Tips for teacher training interviews – David Douglass

Relevant to
All teacher training providers have their own format for interviews. Some Higher Education Institutions and School Centred Initial Teacher Training providers will have individual and group tasks as part of their selection process. My tips below are therefore not an attempt to second guess interview questions, rather to act as food for thought.
 
Key areas to consider
A provider may wish to explore these key areas:
  • Why you feel you want to become a teacher.
  • How your experience and qualifications to date have prepared you for the role.
  • What specific qualities, skills and knowledge you'd bring to the role/school.
  • Your ability to reflect on lessons you've observed.
  • Areas of strength and areas you feel you'd need more support with.
  • How well you understand their course (vision, structure and aims etc.).
On the day
If your interview is at a school it is wise to attend in a suit or appropriate smart clothing. You may well be asked to interact with students or teach a short activity so it’s best to be dressed for the occasion. Tasks on the day will vary between providers but expect some/all of the following:
  • Panel interview.
  • Written task (lesson plan, review of a student’s work etc.).
  • Teaching task or lesson.
  • Group task / discussion.
  • Meeting with students.
If you are asked to prepare a lesson or to talk through a lesson for the day – always bring a copy of the plan for the panel.
 
What are we looking for in a great applicant?
 
Through your answers and the activities of the day, we’d hope to uncover most/all of the following:
  • Passion - for the subject or phase you want to teach.
  • Knowledge – good teachers have a breadth of knowledge beyond their formal qualifications.
  • Confidence – we know you will grow and develop as a teacher but we need to see potential!
  • Care – this is a profession where putting the student first is a given.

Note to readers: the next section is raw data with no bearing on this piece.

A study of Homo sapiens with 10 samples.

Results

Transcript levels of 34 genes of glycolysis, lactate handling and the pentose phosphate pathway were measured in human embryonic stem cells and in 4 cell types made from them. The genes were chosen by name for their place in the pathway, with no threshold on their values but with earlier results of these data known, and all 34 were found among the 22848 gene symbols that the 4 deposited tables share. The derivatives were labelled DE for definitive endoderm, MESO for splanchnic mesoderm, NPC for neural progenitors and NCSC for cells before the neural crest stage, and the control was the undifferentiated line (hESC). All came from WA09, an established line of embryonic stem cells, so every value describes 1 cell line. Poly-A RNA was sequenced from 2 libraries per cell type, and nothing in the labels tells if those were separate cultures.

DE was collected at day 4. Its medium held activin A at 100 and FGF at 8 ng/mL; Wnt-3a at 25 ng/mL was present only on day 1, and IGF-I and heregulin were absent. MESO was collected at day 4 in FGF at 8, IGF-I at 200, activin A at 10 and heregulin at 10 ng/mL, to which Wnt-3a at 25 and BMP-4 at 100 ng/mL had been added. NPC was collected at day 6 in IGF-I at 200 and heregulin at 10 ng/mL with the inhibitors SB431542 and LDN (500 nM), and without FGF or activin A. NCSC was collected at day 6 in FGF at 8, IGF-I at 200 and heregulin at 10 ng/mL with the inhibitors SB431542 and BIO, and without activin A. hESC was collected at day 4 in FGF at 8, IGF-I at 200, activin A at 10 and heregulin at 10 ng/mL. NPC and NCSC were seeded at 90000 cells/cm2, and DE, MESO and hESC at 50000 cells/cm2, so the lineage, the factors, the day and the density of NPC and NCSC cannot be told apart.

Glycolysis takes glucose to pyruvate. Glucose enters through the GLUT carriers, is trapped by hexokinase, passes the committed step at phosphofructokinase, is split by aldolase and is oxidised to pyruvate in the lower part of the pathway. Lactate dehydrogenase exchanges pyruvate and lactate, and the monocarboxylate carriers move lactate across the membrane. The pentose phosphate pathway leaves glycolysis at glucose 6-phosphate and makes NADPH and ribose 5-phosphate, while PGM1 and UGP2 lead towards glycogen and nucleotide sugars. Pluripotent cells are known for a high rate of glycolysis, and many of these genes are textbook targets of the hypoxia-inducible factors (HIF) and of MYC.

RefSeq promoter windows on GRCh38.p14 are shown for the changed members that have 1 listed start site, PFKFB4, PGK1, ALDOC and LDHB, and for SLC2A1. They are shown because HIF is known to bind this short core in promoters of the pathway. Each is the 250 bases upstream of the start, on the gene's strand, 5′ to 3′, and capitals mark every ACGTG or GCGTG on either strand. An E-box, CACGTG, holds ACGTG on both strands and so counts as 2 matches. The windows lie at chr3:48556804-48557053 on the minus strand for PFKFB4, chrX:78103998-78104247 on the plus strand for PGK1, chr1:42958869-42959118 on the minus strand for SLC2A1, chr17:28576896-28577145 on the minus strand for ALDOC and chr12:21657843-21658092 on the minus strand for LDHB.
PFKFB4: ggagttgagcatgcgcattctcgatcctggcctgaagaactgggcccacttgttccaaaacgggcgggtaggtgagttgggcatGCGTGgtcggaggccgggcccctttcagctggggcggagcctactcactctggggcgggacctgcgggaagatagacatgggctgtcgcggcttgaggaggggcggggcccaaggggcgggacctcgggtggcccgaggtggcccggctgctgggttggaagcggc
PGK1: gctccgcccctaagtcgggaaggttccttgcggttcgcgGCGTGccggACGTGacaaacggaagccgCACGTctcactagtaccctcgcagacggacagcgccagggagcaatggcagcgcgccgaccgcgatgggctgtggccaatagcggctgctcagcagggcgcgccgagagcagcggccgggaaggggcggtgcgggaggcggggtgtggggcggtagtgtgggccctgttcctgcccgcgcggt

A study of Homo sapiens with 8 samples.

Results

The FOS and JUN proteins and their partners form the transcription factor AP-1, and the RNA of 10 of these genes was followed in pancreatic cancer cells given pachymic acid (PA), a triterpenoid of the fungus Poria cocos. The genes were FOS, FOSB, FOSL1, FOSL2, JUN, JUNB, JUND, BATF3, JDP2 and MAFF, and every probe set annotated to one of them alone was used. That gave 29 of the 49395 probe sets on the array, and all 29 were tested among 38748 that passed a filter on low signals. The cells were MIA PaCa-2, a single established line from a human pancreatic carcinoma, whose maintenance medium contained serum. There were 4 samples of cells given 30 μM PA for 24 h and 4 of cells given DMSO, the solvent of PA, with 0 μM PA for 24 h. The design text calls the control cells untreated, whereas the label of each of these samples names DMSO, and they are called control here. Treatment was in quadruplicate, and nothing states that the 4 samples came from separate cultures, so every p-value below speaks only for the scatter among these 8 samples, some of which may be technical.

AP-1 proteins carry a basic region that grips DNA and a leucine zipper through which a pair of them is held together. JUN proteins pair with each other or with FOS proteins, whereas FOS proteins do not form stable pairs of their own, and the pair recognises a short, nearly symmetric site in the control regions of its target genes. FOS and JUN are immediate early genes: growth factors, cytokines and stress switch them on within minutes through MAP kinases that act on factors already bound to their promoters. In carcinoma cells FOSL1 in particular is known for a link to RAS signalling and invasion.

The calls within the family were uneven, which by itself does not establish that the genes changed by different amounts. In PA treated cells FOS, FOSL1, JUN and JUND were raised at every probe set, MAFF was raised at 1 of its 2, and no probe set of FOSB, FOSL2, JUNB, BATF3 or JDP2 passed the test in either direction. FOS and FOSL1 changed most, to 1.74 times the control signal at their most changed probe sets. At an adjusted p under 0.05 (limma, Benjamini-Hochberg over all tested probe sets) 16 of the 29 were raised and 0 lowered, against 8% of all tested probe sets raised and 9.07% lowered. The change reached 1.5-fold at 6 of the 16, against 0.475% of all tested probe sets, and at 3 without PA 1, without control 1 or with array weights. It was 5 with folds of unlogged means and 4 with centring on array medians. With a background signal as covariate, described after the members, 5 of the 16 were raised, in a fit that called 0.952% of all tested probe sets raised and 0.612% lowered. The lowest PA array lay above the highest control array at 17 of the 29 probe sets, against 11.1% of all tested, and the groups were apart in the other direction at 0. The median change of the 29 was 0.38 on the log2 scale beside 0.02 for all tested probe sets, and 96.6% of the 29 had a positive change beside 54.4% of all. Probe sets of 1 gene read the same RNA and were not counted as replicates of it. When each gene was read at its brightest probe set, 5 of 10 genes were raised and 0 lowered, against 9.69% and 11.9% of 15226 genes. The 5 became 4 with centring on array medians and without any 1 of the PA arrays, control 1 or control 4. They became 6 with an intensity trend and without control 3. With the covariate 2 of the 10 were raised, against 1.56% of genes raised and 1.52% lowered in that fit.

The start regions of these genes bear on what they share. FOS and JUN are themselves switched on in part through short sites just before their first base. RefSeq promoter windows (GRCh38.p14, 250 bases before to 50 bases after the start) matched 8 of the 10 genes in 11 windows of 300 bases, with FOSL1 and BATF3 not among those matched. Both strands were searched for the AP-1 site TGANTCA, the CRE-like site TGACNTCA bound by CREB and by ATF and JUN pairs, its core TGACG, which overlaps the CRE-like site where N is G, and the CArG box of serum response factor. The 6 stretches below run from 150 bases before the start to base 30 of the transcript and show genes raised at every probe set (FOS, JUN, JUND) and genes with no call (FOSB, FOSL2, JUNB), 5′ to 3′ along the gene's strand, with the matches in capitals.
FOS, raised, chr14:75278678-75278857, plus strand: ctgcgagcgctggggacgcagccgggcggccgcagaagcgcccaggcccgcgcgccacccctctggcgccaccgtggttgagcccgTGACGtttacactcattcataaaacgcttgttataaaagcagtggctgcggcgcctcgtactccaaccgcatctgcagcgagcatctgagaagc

• Highly Literate – Able to speak well in formal situations and be comfortable in correcting the spelling, punctuation and grammar of students.
  • Motivation – Do you have the drive for the multifaceted nature of the role? Can you motivate others?
  • Empathy – Can you see both sides? Can you demonstrate you’d be firm but fair especially when under pressure?
  • Sense of humour – if I need to explain this one… you’re probably not quite what we’re looking for :)
Finally…
 
It’s a cliché but above all else – be yourself in the interview! The process is a supportive one, we are trying to find a good fit for us as the trainer, and you equally want to feel that you can work with us. At the end of the formal panel interview you’ll be asked if you have any questions, the most common two questions are:
  1. Will I be here (the school doing the interview) for my placement? ANSWER – often, but not always. This is the point to mention any travel issues you may have (no car, moving house etc. so that school placements can be made which work for both parties)
  2. How does the training work? ANSWER – Most providers run some ‘block’ training at the start of the course with ‘training days’ scheduled throughout the rest of the year. The rest of the time you will be in your first placement school (often called your host school) followed by a half term placement in a Second School Placement (SSP) before returning to the host school for the rest of the year.
Good luck!
 
David
 
David Douglass is Director of Sacred Heart Newcastle SCITT. He has over 20 years’ experience of working in Secondary schools in Yorkshire, Northumberland and Newcastle upon Tyne. He is currently Deputy Headteacher at Sacred Heart Catholic High School. This was originally posted on the Sacred Heart Newcastle SCITT blog and is published with kind permission. Follow him on Twitter @NewcastleSCITT

 

Teacher training interview coming up?

Find out what training providers look for and what they may ask.